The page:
A lot or a little?
The parents' guide to what's in this movie.
What parents need to know
Parents need to know that although First Reformed doesn't have any nudity, excessive violence, or strong language, its themes and approach are definitely mature. It deals with suicide, depression, likely PTSD, repressed sexuality, and radicalization. And its measured pace is likely too slow for younger viewers. Ethan Hawke stars as a troubled priest who's involved in the lives of a young couple (Amanda Seyfried, Philip Ettinger); the film follows his rapid decline. The film presents interesting theological arguments involving day-to-day issues in a serious, adult way. Although it may not appeal to teens, it should be OK for older teens, depending on their sensitivity to some of the subjects listed here.
- Parents say
- Kids say
What's the story?
FIRST REFORMED follows a troubled priest named Father Toller (Ethan Hawke) as he tries to help young couple Mary (Amanda Seyfried) and Michael (Philip Ettinger) and is drawn into a tragic series of events. Perhaps because of his own past trauma and growing alcoholism, Toller may be susceptible to certain dark turns. His caring boss (Cedric the Entertainer) and loving colleague (Victoria Hill) try to help before something bad happens.
Is it any good?
This might sound convenient because writer-director Paul Schrader also wrote Taxi Driver, but this drama could be viewed as a companion piece to that classic. Set in the priesthood, First Reformed follows a PTSD sufferer down a dark road searching for a guiding light. Hawke's placid surface and intellectual rigor as Father Toller belie the roiling beneath. He hasn't overcome his past guilt, and when the opportunity to participate fully in something larger than himself presents itself, you have to imagine that the urge isn't dissimilar to what led him to the clergy in the first place. Schrader takes a slow, calm, direct, almost Kubrickian path here: long, static takes; minimal score; few moments of over-the-top emotion. What emerges is a portrait -- almost a still-life -- of radicalization.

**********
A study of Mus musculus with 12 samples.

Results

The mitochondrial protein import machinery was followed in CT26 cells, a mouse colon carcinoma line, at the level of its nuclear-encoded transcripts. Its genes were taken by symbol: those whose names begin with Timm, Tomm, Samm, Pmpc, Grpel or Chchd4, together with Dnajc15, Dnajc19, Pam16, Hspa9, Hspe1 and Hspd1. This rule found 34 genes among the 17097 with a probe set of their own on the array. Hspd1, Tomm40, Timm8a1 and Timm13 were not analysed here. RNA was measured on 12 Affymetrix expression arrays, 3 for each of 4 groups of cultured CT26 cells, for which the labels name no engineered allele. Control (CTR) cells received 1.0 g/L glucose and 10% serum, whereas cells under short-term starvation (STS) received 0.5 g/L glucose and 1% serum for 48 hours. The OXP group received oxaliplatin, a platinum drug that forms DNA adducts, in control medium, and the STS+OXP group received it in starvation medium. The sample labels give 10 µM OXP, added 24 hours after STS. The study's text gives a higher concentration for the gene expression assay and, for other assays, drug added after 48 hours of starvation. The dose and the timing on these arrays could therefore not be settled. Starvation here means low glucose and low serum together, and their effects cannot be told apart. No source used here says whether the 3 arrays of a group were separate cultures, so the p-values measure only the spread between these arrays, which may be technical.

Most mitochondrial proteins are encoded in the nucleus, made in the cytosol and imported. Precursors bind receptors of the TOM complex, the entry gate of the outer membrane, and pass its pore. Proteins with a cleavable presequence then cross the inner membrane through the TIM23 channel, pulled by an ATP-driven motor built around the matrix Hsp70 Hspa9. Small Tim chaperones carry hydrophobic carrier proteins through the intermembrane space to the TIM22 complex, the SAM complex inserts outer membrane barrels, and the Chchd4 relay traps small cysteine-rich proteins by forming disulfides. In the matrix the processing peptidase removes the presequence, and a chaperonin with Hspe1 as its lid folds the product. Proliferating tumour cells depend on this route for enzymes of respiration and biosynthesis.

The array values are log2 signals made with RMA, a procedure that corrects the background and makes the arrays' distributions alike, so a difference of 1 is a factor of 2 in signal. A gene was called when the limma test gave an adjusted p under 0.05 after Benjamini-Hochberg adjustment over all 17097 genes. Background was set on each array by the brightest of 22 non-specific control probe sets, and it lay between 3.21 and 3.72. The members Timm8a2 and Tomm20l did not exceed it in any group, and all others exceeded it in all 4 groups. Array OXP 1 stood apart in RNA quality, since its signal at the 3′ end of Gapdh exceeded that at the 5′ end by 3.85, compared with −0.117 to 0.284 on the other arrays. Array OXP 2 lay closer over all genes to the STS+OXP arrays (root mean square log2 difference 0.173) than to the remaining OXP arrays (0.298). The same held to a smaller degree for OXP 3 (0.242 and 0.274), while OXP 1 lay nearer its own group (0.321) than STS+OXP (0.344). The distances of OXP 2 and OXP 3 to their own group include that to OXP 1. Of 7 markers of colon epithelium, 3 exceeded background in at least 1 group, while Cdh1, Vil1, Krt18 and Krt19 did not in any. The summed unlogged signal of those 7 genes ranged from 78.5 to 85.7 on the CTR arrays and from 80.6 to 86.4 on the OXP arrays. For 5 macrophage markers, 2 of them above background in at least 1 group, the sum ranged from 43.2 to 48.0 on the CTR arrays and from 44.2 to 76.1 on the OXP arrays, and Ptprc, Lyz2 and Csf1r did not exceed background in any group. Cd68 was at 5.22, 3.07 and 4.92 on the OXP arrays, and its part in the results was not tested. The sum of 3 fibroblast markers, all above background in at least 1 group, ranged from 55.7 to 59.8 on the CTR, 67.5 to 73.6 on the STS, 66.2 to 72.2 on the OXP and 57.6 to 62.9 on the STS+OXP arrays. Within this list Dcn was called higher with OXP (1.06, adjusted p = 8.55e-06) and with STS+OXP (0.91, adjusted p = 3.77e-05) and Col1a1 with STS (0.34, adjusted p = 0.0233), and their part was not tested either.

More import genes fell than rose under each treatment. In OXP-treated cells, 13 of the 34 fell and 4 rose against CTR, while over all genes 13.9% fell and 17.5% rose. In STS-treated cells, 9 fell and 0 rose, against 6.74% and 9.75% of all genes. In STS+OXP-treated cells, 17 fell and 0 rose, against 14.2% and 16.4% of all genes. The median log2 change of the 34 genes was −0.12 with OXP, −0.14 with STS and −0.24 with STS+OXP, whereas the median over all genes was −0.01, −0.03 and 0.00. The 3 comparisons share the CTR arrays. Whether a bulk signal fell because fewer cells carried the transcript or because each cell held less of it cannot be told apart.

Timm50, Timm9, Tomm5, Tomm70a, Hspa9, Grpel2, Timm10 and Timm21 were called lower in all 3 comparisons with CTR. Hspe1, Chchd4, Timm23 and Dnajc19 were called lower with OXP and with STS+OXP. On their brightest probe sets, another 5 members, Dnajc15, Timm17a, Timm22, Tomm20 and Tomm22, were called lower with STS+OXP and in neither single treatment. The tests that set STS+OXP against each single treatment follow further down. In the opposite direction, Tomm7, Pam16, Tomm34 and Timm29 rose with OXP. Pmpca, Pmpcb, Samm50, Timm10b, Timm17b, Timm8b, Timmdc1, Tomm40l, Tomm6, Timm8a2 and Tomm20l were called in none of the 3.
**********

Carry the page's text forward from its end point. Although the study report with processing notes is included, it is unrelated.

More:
The acting is solid all around. Ettinger shines as a passionate young husband. Hill is sympathetic as the choir director who loves Father Toller. As the leader of the church/corporation that employs Toller, Cedric the Entertainer balances priorities of compassion and the bottom line. Schrader allows only one clear villain (a heartless CEO), and his dramatic purpose is clear: to muddy the waters for viewers' rooting interests. First Reformed is carefully considered and cleanly executed. Its final scene makes an interesting argument for what might cure the sickness that seems to infect so many with violent thoughts.
Talk to your kids about ...
Families can talk about how the clergy are typically portrayed in movies and on TV. How does First Reformed compare? Does it present them as multidimensional human beings or give you insight into why they chose their profession? Do you believe the characters' concerns?
Were you surprised by the path Toller took after the young man's death? Why do you think he became interested in those actions?
How does the film address and portray suicide? What's the best way to approach difficult topics like this with kids?
What do you think the movie's ending means? Has tragedy been averted or merely delayed?